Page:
A federal judge in Louisiana last week granted a joint request of Ensco Offshore Inc. and the federal government for a temporary stay of the deadline for the Interior Department to act on offshore permit applications so that the two sides could continue settlement talks.

Ensco and the federal government asked the U.S. District Court of Louisiana for a 11-day stay of its May 10 order, which required Interior to act on six offshore permit applications within 30 days. The permit applications were filed by companies that contracted with Broussard, LA-based Ensco Offshore, a provider of offshore drilling services.

“The parties have been engaged in settlement negotiations that would resolve Ensco Offshore Co.’s remaining claims in this case without further litigation. The parties have made significant progress, but have not yet reached a final agreement,” Ensco and the federal government told District Judge Martin Feldman. “Parties believe that further negotiations may enable [them] to reach a mutually agreeable resolution.”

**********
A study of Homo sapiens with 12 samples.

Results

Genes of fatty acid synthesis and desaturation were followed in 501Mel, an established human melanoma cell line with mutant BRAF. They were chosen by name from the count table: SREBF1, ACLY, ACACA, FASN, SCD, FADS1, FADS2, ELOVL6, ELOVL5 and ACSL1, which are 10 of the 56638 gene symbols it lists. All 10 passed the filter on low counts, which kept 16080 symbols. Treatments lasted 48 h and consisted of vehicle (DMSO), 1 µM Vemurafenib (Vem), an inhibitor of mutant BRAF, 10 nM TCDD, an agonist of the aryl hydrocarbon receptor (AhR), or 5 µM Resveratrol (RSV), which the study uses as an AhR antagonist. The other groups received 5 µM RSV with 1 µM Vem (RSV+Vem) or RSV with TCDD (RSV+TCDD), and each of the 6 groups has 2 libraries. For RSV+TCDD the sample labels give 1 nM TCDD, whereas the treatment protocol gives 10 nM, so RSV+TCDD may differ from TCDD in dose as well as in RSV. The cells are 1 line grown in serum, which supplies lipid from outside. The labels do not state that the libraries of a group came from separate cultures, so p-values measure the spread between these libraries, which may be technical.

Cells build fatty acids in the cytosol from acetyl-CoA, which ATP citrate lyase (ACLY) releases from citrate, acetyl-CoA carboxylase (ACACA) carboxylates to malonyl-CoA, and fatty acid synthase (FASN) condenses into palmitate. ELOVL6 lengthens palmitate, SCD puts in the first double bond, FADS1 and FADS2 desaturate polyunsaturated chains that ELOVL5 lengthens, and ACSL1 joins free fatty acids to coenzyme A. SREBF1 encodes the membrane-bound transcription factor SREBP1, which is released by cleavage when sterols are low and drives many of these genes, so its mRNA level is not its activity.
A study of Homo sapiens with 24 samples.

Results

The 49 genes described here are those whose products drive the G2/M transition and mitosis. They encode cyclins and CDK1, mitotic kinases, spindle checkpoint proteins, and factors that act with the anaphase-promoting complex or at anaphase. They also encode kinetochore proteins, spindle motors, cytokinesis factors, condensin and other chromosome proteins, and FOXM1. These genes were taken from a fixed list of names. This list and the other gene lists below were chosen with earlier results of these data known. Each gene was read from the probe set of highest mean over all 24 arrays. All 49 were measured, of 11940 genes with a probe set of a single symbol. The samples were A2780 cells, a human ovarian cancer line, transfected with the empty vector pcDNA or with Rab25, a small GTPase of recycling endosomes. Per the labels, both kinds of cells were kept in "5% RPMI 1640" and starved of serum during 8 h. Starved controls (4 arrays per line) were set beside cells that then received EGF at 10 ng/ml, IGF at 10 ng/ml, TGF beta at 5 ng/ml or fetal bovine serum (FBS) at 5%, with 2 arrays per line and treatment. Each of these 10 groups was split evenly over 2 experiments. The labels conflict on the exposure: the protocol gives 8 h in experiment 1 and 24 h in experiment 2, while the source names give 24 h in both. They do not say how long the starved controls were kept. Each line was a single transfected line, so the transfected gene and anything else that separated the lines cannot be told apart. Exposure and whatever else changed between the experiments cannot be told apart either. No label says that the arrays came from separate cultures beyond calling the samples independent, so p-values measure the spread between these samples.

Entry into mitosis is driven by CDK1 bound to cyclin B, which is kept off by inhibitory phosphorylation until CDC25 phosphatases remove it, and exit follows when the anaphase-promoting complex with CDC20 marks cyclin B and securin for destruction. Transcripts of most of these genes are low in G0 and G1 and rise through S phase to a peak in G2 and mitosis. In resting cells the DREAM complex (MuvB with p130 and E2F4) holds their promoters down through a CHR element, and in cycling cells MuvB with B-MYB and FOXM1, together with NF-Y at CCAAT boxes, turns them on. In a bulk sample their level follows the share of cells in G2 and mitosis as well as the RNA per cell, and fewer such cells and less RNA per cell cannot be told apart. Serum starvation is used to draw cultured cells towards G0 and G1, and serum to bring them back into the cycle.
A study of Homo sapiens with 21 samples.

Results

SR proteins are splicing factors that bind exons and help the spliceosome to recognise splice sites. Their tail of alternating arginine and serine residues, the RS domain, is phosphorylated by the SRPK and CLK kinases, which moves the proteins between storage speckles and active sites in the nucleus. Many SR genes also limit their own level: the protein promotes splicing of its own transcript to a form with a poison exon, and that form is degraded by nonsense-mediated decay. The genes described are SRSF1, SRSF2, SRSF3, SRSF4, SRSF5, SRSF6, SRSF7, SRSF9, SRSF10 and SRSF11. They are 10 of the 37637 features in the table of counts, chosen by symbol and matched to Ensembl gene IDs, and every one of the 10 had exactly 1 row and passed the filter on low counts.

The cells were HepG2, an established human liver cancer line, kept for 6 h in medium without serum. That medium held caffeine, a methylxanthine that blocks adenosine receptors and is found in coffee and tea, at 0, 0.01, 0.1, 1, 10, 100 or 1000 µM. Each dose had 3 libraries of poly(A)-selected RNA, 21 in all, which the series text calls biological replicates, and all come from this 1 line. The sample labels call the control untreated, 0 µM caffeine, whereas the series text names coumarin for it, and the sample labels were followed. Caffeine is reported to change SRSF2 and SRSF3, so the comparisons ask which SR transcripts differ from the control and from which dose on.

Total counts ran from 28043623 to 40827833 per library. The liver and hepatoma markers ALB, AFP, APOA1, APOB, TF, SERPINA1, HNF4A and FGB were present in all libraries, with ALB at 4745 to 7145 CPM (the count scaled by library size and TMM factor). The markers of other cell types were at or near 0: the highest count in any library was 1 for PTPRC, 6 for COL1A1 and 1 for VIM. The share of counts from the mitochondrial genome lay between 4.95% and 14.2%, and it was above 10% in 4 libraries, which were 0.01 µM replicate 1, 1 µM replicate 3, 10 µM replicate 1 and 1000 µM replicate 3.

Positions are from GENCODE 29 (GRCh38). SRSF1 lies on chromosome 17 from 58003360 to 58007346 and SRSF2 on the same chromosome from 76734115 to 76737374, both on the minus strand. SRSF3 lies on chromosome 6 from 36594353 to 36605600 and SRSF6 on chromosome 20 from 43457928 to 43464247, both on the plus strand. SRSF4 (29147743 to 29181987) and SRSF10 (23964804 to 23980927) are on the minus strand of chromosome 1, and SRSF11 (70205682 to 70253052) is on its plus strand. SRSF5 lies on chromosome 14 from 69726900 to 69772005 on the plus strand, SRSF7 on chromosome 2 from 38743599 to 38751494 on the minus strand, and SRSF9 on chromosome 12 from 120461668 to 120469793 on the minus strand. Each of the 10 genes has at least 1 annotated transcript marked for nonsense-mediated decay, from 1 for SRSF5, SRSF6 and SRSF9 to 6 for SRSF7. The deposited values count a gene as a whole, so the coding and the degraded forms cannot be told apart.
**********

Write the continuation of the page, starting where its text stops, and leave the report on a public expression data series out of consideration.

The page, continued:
The two sides asked Feldman to give Interior until June 20 to act on the pending permit applications. “If the parties are unable to reach settlement by June 20,” they said they “may file a motion for an extension of the stay to allow for continued negotiation.”

But in the order granting the stay, Feldman did not seem amenable to a further extension. The “govenment shall act on the six pending permit applications not later than June 20,” as well as submit a report on the status of each pending permit application on that date.

In the May 10 order, Feldman said Ensco’s applications filed with Interior had been “unreasonably delayed,” and he ordered Interior to act on them with dispatch. “In several cases in the permit applications here, the agency did hold onto the application for more than [the allotted] 30 days before returning it to the applicant for modifications. At some point this must end — with a permit, or without,” he wrote (see NGI, May 16).

And while “the government has begun to issue some permit applications, plainly because of this lawsuit, the future of drilling in the Gulf of Mexico remains elusive; plaintiffs’ [Ensco Offshore, et al.] other long-standing permit applications speak loudly to this,” Feldman said.

“The government has presented no credible assurances that the permitting process will return to one marked by predictability and certainty. Processing a scant few applications is at best a tactical ploy in a real world setting.”